In her new book, This Changes Everything: Capitalism vs the Climate, Naomi Klein discerns an irresolvable conflict of diametrically opposed interests. She characterizes capitalism as a driving force that fuels global warming with its inherent economic imperative for “…continuous growth and continuous depletion of resources, including finite resources“. And she notes the zeitgeist of a striking future where “…it’s just a more brutally cleaved world between haves and have-nots than the one we have now.” She notes “… [i]t’s actually not controversial to say this is where we are headed [e.g. “Snowpiercer, Elysium or The Hunger Games”]. The question is, can we imagine another way of responding to crisis other than one of deepening inequality, brutal disaster capitalism and mangled techno-fixes…”?

This is the spot-on same conflict that underlies the Education ®eform Movement [sic, with a tip-of-the-hat to PTSA representative Scott Folsom who writes]. It is personified here in LA by our own Eli Broad-indemnified superintendent Deasy, and played out through his man’s never-bally-hooed, de facto tenure“. This school district and its administration – meaning superintendent and school board in concert — has championed one systematic, serial descent into “deeping inequality, brutal disaster capitalism and mangled techno-fixes”.

Let’s start with the middle one, “brutal disaster capitalism”. The situation of teachers and the effort to strip them of labor rights and professional dignity is unconscionable. As collateral damage of Ed®eform, the underlying theme of union busting floats all along the surface of this LATimes editorial. Revealed is an essential confusion between “protection” and “advocacy”. The distinction is wholly explained by which side of the labour table you occupy. The LATimes is in the business of boosting disaster capitalism and its incumbent race to the bottom for all but the 1%.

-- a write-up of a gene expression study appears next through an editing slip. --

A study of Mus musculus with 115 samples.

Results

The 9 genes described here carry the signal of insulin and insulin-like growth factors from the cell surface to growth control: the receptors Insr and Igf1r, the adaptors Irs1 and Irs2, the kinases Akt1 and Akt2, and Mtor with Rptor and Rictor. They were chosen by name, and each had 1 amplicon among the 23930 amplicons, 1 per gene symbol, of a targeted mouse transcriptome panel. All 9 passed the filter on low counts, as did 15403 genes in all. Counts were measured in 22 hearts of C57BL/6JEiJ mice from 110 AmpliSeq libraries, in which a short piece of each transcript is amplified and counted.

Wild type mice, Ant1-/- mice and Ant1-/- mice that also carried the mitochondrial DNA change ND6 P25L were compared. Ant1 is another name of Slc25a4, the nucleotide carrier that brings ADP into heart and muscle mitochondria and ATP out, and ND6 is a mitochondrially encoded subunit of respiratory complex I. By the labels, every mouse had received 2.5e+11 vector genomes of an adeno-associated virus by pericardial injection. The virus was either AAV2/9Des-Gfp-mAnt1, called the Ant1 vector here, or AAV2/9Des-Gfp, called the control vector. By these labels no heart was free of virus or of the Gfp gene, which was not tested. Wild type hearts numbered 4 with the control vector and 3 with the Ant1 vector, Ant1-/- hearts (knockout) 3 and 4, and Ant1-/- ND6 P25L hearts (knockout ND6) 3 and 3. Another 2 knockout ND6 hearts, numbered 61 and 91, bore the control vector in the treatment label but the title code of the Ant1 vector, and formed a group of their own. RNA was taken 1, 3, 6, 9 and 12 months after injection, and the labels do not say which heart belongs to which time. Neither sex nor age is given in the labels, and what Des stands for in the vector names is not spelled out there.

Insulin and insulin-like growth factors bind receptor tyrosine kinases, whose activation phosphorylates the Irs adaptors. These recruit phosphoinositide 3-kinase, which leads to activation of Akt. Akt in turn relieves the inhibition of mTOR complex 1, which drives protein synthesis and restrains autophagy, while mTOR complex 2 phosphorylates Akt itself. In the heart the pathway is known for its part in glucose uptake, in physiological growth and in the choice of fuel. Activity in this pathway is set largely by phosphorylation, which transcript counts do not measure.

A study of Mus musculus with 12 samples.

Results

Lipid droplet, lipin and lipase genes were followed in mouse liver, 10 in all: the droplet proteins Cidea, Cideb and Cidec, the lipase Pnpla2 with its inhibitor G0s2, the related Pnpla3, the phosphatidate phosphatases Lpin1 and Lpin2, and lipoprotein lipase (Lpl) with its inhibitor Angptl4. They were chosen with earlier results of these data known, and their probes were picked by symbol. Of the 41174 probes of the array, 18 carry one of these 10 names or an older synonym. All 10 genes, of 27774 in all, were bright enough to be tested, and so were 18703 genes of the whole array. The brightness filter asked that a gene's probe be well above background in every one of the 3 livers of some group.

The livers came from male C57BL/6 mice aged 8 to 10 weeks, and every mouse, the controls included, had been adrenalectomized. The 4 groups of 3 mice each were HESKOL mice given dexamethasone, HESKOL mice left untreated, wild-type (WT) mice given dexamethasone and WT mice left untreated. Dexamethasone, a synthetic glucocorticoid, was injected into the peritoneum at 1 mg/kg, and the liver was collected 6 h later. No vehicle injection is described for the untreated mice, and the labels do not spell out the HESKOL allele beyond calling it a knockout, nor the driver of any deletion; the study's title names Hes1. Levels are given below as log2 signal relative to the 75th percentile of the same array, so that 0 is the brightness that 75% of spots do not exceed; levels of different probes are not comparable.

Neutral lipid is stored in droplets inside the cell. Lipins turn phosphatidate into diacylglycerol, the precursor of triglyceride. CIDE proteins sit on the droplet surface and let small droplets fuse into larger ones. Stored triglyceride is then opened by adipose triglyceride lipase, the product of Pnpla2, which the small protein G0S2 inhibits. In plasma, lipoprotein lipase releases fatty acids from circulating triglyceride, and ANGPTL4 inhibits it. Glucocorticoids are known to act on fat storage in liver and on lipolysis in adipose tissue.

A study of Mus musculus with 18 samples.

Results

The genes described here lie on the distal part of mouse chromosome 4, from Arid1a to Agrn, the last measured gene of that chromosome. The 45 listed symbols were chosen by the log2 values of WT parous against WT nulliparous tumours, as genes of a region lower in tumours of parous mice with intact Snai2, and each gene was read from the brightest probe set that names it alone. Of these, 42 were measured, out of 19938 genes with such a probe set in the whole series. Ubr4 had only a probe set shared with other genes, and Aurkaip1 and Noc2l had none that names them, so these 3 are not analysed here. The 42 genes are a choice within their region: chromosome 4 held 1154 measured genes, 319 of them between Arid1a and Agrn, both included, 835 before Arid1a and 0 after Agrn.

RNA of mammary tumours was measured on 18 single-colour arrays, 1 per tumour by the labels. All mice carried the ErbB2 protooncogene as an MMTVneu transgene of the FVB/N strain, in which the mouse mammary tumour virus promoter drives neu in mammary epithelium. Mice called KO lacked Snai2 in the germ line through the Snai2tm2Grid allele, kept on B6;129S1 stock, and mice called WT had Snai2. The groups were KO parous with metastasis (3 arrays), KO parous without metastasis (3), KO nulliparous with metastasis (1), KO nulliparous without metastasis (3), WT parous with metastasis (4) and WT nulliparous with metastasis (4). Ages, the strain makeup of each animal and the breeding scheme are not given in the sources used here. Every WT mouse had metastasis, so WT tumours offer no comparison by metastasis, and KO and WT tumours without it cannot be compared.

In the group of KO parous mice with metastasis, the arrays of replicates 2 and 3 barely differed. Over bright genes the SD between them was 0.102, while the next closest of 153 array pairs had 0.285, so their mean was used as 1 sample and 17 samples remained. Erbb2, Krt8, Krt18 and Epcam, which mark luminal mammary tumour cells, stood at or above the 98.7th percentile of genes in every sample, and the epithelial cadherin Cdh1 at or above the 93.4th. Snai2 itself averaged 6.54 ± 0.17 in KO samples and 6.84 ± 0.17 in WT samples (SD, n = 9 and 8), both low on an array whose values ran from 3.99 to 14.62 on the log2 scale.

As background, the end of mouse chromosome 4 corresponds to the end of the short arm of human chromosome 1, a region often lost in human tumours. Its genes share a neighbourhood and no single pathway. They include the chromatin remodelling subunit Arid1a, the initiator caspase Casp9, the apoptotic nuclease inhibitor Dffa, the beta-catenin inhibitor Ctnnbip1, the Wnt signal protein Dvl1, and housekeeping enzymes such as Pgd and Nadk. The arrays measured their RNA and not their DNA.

The middle condition is considered here first because while it is essential to the capitalists calling the shots in this game of ®eform, it is not, at the end of the day, the catastrophy our school kids must absorb most directly. That distinction relates to the “deepening inequality” developing inexorably by the suite of policies in combination fomented, forced and defended by both elected and appointed school leaders. School “choice” and the simultaneous destruction of public schools and elevation of private charters, has led to the most insidious and deeply rooted societal re-segregation ever. Considering the persistence of social inequity in the wake of coerced slavery and colonialism, it is chilling to consider the intransigence that non-coerced segregation may effect.

Finally, consider the mangled “technofixes”. Mindful that “to err is human but to really foul things up you need a computer“, consider that John Deasy’s implementation of the MiSiS computer system has brought LAUSD’s superstructure to its knees. The fallout from this mess has not been fully revealed as attendance and student counts tied to staffing have not yet been tallied. The scope of this structural failure and its attendant technological initiative to mpad all district students, staff and empty closets, is truly spectacular. And yet, he who is responsible for it has yet to be held accountable.

It is incumbent upon our school board to “imagine another way of responding to crisis” that does not excuse and empower these failures. We ought all to agree there is nothing more important than harnessing education efficiently “for the children”. But it is beyond academic agreement that our school board must reach; they must ensure effectiveness in reality. Ensuring a smooth and timely succession following failure is not only imperative, but it is incumbent on all incumbent candidates wishing to survive incumbency and emerge elected in LAUSD’s future.